Using References and Outputs in Azure Resource Templates

As you work more with Azure Resource Templates you will find that you need to pass information from one resource you have created into another. This is fine if you had the information to begin with within your variables and parameters, but what if it’s something you cannot know before deploy, such as the dynamic IP address of your new VM, or the FQDN of your new public IP address for your service?

The answer is to use References to access properties of other resources within your template. However, if you need to get information between templates then you also need to look at outputs.

A crucial tool in this process is the Azure Resource Explorer (also now available within the Azure Portal – click Browse and look for Resource Explorer) because most often you will need to look at the JSON for your provisioned resource in order to find the specific property you seek.

In the JSON below I am passing the value of the current IP address of the NIC attached to a virtual machine into a nested template as a parameter.

"ipAddress": {     "value": "[reference(concat(parameters('envPrefix'),parameters('vmName'),'nic')).ipConfigurations[0].properties.privateIPAddress]" }

The markup looks complex but isn’t really. The concat bit is building the name of the resource, which I do based on parameters within the resource template. Basically, you specify reference in the same way as you would variable or parameter. You then need to provide the name of the resource you want to reference (the concat markup here, but it could just be ‘mynic’) and then the property you want, using dot notation to work your way down the object tree.

I’ve used the example above for a reason because it covers all the bases you might hit:

  1. When you look at the JSON for the deployed resource you will see a properties section (just as you do in your template). You don’t need to include this in your reference (i.e. mynic.<the property I want>, not<the property I want>).
  2. My nic can have multiple IP assignments – ipConfigurations is an array – so I am using [0] to look in the first item in that array.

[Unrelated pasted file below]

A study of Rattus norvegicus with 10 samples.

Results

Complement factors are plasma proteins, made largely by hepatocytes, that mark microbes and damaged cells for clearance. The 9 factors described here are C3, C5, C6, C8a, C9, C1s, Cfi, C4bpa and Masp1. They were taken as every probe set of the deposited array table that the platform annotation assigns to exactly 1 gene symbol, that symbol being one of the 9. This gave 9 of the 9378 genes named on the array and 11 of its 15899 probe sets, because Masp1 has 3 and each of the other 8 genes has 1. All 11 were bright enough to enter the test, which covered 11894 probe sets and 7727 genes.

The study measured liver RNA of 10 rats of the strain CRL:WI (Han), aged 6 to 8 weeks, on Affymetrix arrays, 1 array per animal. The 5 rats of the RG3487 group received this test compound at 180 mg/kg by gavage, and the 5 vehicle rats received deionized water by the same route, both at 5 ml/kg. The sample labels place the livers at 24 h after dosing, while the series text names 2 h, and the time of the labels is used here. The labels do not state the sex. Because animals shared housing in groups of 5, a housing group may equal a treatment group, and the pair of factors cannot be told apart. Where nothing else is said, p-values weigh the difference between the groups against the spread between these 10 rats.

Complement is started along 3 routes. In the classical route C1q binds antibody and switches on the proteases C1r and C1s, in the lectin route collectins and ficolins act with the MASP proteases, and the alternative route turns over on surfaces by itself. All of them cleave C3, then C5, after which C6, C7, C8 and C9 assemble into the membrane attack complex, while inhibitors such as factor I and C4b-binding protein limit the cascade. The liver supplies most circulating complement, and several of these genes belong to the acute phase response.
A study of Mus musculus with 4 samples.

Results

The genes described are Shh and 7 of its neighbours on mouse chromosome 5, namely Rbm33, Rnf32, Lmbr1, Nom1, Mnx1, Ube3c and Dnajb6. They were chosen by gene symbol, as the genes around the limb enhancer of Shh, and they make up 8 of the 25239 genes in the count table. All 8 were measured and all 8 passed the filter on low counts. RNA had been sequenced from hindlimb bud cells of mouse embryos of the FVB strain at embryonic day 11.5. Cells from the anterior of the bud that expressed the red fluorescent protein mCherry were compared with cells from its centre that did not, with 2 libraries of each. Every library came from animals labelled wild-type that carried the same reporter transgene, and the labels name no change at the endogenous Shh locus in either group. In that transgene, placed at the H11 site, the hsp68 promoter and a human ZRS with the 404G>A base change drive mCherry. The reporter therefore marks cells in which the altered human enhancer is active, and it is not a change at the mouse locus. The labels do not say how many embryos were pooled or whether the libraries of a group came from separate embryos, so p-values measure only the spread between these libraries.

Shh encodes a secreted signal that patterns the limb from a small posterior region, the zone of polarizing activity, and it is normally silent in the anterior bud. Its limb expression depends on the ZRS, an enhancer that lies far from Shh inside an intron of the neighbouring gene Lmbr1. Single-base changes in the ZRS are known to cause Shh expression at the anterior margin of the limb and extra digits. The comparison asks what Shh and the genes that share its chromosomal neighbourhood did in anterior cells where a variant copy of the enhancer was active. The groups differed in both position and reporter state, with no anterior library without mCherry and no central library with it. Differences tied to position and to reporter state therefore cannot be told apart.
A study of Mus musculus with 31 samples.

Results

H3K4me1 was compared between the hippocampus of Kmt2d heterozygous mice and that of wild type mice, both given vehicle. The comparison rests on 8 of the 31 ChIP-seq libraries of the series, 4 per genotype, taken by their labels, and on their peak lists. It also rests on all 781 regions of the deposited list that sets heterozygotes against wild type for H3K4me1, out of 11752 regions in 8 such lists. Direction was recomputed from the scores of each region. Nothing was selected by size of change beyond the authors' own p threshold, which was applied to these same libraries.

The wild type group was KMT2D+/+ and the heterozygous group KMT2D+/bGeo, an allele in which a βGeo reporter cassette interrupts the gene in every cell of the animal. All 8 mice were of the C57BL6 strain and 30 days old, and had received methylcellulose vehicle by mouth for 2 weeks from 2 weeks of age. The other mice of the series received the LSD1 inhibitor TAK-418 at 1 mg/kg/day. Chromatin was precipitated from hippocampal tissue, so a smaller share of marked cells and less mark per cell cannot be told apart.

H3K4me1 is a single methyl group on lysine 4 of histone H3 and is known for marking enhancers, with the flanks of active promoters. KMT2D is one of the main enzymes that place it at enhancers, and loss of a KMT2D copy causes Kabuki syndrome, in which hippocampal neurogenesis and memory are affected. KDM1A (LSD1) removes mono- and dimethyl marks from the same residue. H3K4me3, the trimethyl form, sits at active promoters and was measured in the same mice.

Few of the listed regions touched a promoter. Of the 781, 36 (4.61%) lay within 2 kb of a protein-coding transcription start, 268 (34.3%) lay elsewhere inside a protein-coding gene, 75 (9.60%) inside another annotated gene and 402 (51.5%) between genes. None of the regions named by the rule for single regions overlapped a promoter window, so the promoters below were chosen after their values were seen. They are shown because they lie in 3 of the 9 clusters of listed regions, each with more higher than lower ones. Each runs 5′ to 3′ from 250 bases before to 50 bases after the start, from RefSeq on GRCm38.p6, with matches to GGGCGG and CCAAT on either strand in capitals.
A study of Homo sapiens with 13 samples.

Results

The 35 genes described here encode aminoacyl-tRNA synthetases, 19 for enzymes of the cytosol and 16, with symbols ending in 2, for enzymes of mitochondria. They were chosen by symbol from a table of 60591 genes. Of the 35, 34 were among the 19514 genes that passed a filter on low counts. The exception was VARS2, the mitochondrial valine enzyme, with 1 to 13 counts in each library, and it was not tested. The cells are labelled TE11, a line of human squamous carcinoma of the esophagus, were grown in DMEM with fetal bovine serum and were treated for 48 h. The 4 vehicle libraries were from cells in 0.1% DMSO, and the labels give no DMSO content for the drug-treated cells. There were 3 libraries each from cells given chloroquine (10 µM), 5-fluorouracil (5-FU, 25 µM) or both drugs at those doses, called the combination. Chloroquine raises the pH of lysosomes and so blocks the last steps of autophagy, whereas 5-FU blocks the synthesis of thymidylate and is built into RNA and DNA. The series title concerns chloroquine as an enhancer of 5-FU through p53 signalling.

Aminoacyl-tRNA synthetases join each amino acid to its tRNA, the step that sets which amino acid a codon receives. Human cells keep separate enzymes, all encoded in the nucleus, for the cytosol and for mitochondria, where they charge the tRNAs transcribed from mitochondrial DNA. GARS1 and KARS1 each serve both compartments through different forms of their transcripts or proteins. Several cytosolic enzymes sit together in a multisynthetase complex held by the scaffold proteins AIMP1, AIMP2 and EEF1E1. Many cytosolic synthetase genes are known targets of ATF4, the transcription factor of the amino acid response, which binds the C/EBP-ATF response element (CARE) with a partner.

3. Within the ipConfiguration is another properties object. This time I need to include it in the markup.
  4. Within the properties of the ipConfiguration is an attribute called privateIPAddress, so I specify this.

It is important to remember that I can only use reference to access resources defined within my current template.

So what if I want to pass a value back out of my current template to the one I called it with? That’s what the Outputs section of my template is for, and by and large everything in there will be a reference to a property of a resource the current template has deployed. In the code below I am passing the same IP address back out of my template:

"outputs": {     "ipAddress": {         "value": "[reference(concat(parameters('envPrefix'),parameters('vmName'),'nic')).ipConfigurations[0].properties.privateIPAddress]",         "type": "string"     } }

Within my parent template I access that output by using the reference keyword again, this time referencing an output from the template resource. In the example below I am passing the IP address from my domain controller template into another nested deployment that will reconfigure my virtual network.

"parameters": {     "VirtualNetwork": {         "value": "[variables('VirtualNetwork')]"     },     "DNSaddress": {         "value": "[reference('DomainController').outputs.ipAddress.value]"     } }

Note that this markup requires me to specify .value on the end of the reference to pass the information correctly.

References and outputs are important because they allow you to pass information between resources and nested deployments. They allow you to keep your variable count low and understandable, and your templates small and well defined with nested deployments for complex environments.